DVD & Digital

Film review: A Violent Man

 Scottish actor Ross McCall is arguably best known for his work across the pond, appearing in US television shows such as Band of Brothers and 24 series spin-off Live Another Day. After a career spanning three decades in front of the camera, he has taken a step behind it to write and direct his first feature film.

 A Violent Man, formerly known as Ire, is a crime drama that centres around Steve Mackelson (Craig Fairbrass), a volatile inmate sentenced to life behind bars in a maximum-security prison. With a visit from his estranged daughter looming, he is forced to reckon with his sins and reflect on his behaviour. Meanwhile, his new cellmate Marcus (Stephen Odubola), a young and impressionable gang member, is brought onto the wing.

 Opening with a lingering take of a savage attack shifting in and out of focus, it’s evident from the outset that McCall has a strong idea of the aesthetic he wants to achieve. Reminiscent of David Mackenzie’s stunning prison piece Starred Up, the extreme violence is doled out sparingly but mercilessly, drip-fed into a minimalist narrative that begins with slow-burning, arthouse sensibilities. Whilst light on dialogue, a deeply ruminating atmosphere is established as the debut director expresses his knack for capturing effective, engaging compositions. However, as the plot develops and characters have more to say for themselves, some of its early potential is lost to a formulaic script that struggles to spar with the intense quality of the direction.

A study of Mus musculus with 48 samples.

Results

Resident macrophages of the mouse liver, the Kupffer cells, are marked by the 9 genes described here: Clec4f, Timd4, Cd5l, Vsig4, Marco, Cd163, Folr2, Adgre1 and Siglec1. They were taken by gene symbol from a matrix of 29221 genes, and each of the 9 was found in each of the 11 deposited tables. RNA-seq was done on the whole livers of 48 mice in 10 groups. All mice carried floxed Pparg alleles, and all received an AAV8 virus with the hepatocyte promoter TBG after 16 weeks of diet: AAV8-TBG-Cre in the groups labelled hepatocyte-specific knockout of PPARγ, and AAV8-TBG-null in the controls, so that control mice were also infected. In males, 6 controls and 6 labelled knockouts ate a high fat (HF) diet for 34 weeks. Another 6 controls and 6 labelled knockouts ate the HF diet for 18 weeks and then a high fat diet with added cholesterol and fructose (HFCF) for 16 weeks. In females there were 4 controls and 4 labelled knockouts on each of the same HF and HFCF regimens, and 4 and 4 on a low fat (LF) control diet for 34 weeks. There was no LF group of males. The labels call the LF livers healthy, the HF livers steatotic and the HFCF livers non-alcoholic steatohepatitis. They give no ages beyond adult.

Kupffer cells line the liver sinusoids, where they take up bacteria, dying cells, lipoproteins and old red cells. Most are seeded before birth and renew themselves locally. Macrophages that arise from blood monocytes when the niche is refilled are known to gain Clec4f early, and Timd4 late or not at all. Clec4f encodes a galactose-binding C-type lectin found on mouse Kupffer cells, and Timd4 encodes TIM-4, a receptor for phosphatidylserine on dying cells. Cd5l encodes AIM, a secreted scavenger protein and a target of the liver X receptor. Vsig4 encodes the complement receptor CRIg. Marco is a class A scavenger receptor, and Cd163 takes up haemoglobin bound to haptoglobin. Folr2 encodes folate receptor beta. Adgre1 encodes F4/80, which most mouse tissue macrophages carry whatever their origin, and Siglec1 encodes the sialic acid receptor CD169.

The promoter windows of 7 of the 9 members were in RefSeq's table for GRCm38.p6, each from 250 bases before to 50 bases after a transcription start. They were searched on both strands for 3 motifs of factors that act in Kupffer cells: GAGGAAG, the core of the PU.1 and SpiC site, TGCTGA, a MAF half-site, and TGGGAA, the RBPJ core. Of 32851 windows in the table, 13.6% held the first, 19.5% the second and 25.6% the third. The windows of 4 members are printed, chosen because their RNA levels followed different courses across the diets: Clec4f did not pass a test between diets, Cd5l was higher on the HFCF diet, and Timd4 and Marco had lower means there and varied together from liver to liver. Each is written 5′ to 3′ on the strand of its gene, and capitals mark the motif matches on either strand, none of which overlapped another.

In recent years, gangster flick hardman Craig Fairbrass has enjoyed a run of form in more complex and compelling roles than he’d become associated with previously. Following on from his stellar work in Muscle and Villain, this is the third turn in his Fairbrenaissance, and he is as menacing as ever in this frank portrayal of contented immorality. There’s a reluctant mentor-mentee companionship at play with Odubola’s Marcus, but despite giving solid performances individually, their connection never feels fully realised. Small supporting roles are filled by an impressive cast including Ulrich Thomsen, Zoë Tapper, Jason Flemyng, Philip Barantini, and McCall himself, and their brief appearances assist in elevating the writing.

 The execution of its themes may be a little on the nose, but Ross McCall introduces himself as a visually inventive director with a flair for presenting vicious brutality. A Violent Man is a stylish sign of things to come, and further proof that the screen presence of Craig Fairbrass should not be taken lightly.